THEATER REVIEW | “Disney’s The Little Mermaid” finds its sea legs at Chanhassen Dinner Theatres


On Friday, March 7, Chanhassen Dinner Theatres presented the Midwest premiere of Disney’s The Little Mermaid, the stage adaptation of the classic Disney animated film. This dazzling production begins sumptuously and, like its heroine, finds its sea legs as the evening goes on.

Perhaps the first question audiences might ask is, “How does the stage show compare to the film?” Given the 1989 film’s now iconic status, this is not an idle inquiry; there is much to live up to, both in sonic terms and built-in visual expectations. The production at Chanhassen does not disappoint, retaining the essential spirit of the original while evolving into its own animal as the evening continues. The mealtime experience – dining under blue-green, undersea lighting from the stage – makes for a delicious and gentle transition from winter cold to the warmer fantasy world. Neither the stage courses nor the dessert that follows disappoint.

The leading character of The Little Mermaid Ariel (Caroline Innerbichler) stays true to the original, but the roles of Prince Eric (Tyler Michaels), King Triton (Keith Rice), and Ursula (Kersten Rodau) are significantly and agreeably expanded. Innerbichler is riveting as Ariel, suffusing each scene with a rich energy and endearing sense of wonder and reveling – even in long scenes when she does not speak. Michaels makes for a dashing, charming, and zestful Prince; those who saw his recent and excellent turn as the Emcee in Latté Da’s Cabaret might scarcely believe that it’s the same actor. Innerbichler and Michaels have an engaging chemistry that builds from sweet and pining to deliciously sweet and smoldering over the course of the evening. This mutual courtship is one of the many welcome updates to the film script, along with Ariel escaping the “damsel in distress” cliché of her own accord; when the two finally marry, it’s a pairing between equals.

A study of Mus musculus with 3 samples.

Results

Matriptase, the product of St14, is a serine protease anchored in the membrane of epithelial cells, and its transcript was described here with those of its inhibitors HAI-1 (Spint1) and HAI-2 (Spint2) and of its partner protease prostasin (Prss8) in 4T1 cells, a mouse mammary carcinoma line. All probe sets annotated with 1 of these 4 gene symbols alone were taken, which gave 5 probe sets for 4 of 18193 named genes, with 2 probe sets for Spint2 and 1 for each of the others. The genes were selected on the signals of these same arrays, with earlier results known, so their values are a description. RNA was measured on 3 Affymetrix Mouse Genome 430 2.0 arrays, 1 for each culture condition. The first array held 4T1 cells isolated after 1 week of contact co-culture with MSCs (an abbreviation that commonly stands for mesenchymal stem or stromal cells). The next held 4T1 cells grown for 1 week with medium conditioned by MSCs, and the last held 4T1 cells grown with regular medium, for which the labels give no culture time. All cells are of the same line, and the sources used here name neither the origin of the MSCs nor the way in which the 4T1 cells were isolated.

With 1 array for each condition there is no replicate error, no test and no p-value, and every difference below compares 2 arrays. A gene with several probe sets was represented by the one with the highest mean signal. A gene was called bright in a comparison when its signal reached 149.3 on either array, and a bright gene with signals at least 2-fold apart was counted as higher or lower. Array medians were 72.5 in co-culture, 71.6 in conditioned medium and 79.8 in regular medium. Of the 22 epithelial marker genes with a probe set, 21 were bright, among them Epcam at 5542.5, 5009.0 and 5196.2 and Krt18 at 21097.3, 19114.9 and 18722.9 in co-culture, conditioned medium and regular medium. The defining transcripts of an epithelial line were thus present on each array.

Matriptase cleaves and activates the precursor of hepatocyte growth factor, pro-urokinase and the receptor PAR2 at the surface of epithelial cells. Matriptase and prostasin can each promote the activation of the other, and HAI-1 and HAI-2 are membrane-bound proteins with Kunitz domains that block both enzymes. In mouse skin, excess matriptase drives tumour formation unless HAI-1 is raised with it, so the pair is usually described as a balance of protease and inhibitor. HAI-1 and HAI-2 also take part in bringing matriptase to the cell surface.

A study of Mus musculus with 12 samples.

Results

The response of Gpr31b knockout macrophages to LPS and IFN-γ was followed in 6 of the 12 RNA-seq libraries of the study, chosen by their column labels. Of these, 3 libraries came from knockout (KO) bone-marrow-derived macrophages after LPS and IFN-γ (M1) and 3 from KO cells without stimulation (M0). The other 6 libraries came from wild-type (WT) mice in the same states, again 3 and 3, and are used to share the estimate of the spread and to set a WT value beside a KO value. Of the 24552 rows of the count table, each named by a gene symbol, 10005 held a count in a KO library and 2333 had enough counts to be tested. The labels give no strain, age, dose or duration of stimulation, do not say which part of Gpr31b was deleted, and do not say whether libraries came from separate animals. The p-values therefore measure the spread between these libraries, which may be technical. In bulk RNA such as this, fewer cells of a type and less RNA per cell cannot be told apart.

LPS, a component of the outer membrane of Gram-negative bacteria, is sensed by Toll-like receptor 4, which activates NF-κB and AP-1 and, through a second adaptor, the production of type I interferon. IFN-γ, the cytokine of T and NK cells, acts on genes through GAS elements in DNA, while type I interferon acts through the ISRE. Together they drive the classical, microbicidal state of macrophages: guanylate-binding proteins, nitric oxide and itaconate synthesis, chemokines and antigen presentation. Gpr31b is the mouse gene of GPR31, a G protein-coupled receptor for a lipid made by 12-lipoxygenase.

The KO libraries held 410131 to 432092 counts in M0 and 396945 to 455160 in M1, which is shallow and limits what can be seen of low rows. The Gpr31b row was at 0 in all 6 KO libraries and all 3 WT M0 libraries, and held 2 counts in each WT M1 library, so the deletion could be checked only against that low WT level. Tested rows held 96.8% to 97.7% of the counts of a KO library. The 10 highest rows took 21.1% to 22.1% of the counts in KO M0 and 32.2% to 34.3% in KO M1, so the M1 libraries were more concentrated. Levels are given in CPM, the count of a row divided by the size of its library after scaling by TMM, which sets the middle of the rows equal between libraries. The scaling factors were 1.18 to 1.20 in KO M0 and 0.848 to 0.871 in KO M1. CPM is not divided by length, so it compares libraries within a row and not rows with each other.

The adventures, ballads, and flashy production numbers along the way are rich in color and frequently spill from the stage into the house. The aquatic costumes designed by Rich Hamson are sumptuous and beautiful to behold in action, with mermaids’ tails swishing as they glide across the stage and sea horses bobbing their heads as they race through the house; a return visit is recommended just to try and take in more of the action in the larger pieces like “Under the Sea” and “Kiss the Girl.” Many delicious smaller touches enliven scenes, like the sinuous movements of Ursula’s tentacles during her sarcastic “Poor Unfortunate Souls” and the staging of a bubble bath. Some matters of plot are taken fast and loose, but the musical numbers are tight and the dancing tighter. A strong and sizable cast completes an elaborate and thoroughly enjoyable show.